Knowing When To Hold’em and When To Fold ‘em

buy-and-holdMichael Fabian:  Volatile markets like these always remind me how much personal wealth can be gained or lost from hysterical or knee-jerk decision making.  When 2-4% gaps become common place; the feeling of “investing” quickly goes out the window.  That empty space begins to fill with speculative or “gambling” urges that can work either for or against our day-to-day psyche.

Unfortunately this week many investors had to bear the brunt of a 20%+ decline in their holdings; mostly stemming from ETFs that became severely detached from their respective NAVs as downside momentum took hold during Monday’s opening rout.  Those paper losses reluctantly became realized losses as stop-loss triggers were tripped, and volume spiked in tow.  Even more shocking is that the products that exhibited this behavior weren’t small, illiquid, or obscure products, but rather big diversified offerings from sponsors such as Vanguard, iShares, or Powershares.

Yet that wasn’t the first time we’ve witnessed price anomalies like this in ETFs; on May 6th 2010, ETF prices alongside their respective bid/ask spreads became acutely distorted.  What was later known as the “flash crash”, should have given investors a stern warning that hard stop losses on ETFs don’t get filled in an orderly fashion in a disorderly trading environment.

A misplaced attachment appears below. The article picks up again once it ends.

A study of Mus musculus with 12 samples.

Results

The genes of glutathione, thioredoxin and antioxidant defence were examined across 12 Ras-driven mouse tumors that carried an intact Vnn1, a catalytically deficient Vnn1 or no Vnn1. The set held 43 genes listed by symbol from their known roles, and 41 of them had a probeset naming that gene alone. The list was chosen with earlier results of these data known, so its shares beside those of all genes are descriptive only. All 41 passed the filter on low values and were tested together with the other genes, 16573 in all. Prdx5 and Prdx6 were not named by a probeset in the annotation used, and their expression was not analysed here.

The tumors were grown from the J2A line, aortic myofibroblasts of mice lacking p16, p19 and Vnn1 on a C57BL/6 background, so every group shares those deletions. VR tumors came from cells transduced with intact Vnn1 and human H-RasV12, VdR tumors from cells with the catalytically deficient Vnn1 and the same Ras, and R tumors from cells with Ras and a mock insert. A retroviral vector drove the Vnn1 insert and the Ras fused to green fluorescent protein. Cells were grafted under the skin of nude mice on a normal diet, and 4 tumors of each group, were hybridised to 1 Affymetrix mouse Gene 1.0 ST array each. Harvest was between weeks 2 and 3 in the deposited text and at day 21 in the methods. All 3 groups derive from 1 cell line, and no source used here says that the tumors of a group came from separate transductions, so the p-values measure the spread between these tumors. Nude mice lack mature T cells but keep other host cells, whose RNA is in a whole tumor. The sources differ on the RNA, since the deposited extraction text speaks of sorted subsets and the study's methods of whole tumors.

As a result, the entire concept of risk management gets pulled into the spot light, especially for performance chasing or trading portfolios that simply got caught off sides with too much exposure or leverage.  Furthermore, it’s important to note that stepping aside during the throws of a quick downdraft in equities isn’t ever a smart decision, and certainly isn’t the definition of risk management.

From my perspective, true risk management is avoiding investments that lie outside your individual goals, mandate, or tolerances.  Secondly, managing opportunity cost is the other side of managing risk.

Putting a strategy in place to effect positive changes to your portfolio during a difficult market will always improve your investment outcome when solid opportunities arrive.

Conversely, in my opinion, real risk taking is using stop losses as some sort of systematic false sense of security, or acting out of emotion when the market may be at its most desperate point.  It will take you much longer to recover from these types of decisions then simply framing your risk appropriately and implementing a strategy decisively.